Twitter takes over all links (even those already shortened) with T.CO

Oct 12 2011

Twitter announced Monday that all links submitted through Twitter will automatically be wrapped with Twitter’s T.CO link wrapper. Here is the statement from Twitter’s development page.

Current state of

As of October 10, 2011 the URL wrapper automatically wraps all links submitted to Twitter, regardless of length. This includes so-called URLs without protocols.’

The very interesting point from this statement is the “regardless of length”. That means that even links that have been shortened through other services like and will be wrapped with the T.CO wrapper. So you can continue to shorten your links with other link shortening services for tracking purposes, but for the most part it doesn’t matter, because Twitter is takin’ over. The screen shot below highlights what exactly I’m talking about.

Originally Twitter’s link shortening service would not touch those links that were already 13 characters or less. But by taking over all links, Twitter says that it hopes to “help it protect users from malicious content while offering useful insights on engagement.” According to Twitter’s help page, “A link converted by Twitter’s link service is checked against a list of potentially dangerous sites. When there’s a match, users can be warned before they continue.” Users will be warned with the following warning.

Twitter might try to paint the picture that they’re just doing everybody a big favor, but I’m sure some of it has to do with Twitter wanting to push some of those companies that rely on Twitter to succeed out of the picture, especially if Twitter can provide the service themselves. Twitter did this same thing recently by launching it’s own photo sharing service to compete with similar companies like TwitPic.

I am interested in hearing what people will have to say about this once they find out it’s happening. Will they be angry that Twitter is overriding their choice of link shortening service or will people just not care? One of the things I have always thought made Twitter so successful are the hundreds of services out there designed to make someone’s Twitter experience better, but not run by Twitter themselves. People like to have their own identity online and like having choices. People like finding a service that works for them and even if it’s not run by Twitter, it still makes Twitter more powerful to that user. Twitter and those services have an unwritten partnership that help them both succeed. If Twitter starts pushing these companies and services out, they might start alienating their users as well.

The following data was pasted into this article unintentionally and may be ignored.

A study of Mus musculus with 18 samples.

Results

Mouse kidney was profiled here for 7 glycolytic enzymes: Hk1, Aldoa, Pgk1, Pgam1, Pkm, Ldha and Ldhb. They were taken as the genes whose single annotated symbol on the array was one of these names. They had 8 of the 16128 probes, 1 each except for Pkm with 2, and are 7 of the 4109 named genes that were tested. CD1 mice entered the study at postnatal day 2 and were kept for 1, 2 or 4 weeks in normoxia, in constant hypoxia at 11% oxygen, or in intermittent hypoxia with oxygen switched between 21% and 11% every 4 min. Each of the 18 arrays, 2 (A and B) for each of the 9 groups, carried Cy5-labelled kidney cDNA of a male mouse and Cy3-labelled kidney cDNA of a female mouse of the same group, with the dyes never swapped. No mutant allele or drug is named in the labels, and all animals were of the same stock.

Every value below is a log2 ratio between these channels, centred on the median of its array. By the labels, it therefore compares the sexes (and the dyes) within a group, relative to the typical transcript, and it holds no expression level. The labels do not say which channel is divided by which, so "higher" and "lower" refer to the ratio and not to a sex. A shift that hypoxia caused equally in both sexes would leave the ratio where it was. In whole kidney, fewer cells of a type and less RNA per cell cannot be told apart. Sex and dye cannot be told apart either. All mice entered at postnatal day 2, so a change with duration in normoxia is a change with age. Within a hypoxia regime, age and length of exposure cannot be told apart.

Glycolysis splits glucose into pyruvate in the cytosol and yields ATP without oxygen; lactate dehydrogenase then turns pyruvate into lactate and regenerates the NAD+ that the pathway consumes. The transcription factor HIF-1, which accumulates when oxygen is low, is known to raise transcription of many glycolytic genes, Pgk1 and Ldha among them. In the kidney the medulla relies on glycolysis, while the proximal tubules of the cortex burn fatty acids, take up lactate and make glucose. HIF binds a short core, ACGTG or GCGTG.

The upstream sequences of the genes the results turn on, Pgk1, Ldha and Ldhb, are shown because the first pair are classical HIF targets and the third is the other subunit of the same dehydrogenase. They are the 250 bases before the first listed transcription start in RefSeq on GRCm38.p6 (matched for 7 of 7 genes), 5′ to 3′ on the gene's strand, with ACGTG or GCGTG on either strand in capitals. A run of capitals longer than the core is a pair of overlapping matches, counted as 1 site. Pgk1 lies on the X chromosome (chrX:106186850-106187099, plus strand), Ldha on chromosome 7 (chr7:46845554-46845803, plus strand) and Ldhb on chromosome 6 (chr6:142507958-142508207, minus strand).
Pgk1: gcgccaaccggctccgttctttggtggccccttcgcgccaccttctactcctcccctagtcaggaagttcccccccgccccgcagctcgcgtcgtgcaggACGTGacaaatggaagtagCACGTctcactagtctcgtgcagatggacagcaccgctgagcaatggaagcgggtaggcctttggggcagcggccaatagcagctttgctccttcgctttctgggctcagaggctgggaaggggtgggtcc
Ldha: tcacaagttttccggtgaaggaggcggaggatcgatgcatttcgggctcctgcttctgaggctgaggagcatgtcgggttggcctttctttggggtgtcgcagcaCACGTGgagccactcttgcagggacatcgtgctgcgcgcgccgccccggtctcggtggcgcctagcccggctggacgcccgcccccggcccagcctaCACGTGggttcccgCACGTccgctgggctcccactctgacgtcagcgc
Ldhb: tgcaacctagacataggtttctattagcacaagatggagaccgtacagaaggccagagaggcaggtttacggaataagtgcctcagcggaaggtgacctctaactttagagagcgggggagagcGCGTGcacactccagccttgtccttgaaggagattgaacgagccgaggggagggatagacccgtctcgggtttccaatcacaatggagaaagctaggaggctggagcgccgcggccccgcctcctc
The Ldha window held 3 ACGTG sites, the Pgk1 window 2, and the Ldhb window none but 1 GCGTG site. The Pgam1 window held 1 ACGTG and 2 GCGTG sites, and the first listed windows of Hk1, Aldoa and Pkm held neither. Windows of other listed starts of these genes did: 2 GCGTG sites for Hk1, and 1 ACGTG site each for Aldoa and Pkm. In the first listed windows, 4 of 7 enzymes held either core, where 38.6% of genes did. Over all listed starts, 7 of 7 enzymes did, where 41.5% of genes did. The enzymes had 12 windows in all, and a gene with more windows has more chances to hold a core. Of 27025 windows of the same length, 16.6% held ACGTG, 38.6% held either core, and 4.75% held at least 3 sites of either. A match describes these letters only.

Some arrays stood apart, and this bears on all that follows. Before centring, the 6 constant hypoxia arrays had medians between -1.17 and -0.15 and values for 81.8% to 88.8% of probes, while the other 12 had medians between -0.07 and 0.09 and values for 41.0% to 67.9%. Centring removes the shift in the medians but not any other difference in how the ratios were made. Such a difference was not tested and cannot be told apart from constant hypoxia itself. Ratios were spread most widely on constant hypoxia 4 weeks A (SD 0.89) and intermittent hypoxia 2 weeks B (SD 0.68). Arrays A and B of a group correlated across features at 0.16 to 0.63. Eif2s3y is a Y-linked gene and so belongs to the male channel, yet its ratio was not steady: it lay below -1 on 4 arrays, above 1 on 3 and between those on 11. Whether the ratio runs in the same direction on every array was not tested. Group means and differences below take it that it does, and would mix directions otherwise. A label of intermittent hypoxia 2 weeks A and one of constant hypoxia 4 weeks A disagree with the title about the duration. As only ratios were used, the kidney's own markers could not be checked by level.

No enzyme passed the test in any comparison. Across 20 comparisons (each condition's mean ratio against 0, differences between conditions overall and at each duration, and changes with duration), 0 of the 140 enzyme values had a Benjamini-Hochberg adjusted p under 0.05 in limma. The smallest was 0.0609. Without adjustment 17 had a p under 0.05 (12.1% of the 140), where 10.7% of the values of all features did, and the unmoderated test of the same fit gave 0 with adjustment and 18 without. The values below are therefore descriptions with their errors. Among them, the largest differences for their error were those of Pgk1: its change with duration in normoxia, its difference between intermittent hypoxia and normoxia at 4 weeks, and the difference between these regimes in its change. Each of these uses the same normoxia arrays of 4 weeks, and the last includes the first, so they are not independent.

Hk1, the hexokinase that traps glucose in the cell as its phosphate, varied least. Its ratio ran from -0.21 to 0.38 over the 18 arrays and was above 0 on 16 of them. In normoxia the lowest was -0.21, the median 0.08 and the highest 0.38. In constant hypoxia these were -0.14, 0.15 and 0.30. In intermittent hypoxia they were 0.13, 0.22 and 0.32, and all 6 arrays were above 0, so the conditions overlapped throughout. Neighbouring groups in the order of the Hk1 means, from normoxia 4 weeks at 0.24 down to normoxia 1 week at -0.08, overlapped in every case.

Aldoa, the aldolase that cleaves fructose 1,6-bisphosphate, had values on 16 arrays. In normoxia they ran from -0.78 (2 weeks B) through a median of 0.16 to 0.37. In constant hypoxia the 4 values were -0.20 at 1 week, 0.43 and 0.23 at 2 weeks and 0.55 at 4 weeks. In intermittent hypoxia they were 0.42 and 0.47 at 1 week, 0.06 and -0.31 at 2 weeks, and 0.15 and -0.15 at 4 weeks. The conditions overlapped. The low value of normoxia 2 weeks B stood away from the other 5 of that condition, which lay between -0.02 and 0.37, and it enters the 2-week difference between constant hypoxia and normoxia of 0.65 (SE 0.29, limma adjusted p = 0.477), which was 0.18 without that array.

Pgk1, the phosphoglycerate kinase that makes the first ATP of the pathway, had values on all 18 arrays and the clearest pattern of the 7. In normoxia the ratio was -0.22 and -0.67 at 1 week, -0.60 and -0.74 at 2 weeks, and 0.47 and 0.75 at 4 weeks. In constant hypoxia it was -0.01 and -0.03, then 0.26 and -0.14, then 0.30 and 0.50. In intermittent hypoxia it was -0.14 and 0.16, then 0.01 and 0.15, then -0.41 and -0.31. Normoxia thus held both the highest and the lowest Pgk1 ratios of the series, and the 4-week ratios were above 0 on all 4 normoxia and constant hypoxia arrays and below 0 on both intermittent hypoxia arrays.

Hi Shane,

    Yes, I agree there may be some alienation there. But on the other hand, .co will become infamously ubiquitous ie it will become even more well known perhaps under not the best circumstance.

  2. em

    On 2nd thought, it’s nice you brought this up in the way you did. I think it’s bigger than people realize. Number one, Twitter will now have total ubiquity AND so will .co. Interesting.

  3. Joe

    To be honest, I think links that are already shorter than x characters, shouldn’t be touched (some of them can produce shorter urls than’s), after all the primary goal should be to save as much characters as possible. On ther other hand, this is good news for the TLD, as it will get even bigger exposure.

  4. yb

    being a URL shortener just makes it seem ‘different,’ not like your typical domain used for business. Win for the registry of course, but I don’t see your average internet use making anything of it. I mean, a shortener is a randomly generated set of strange numbers and letters.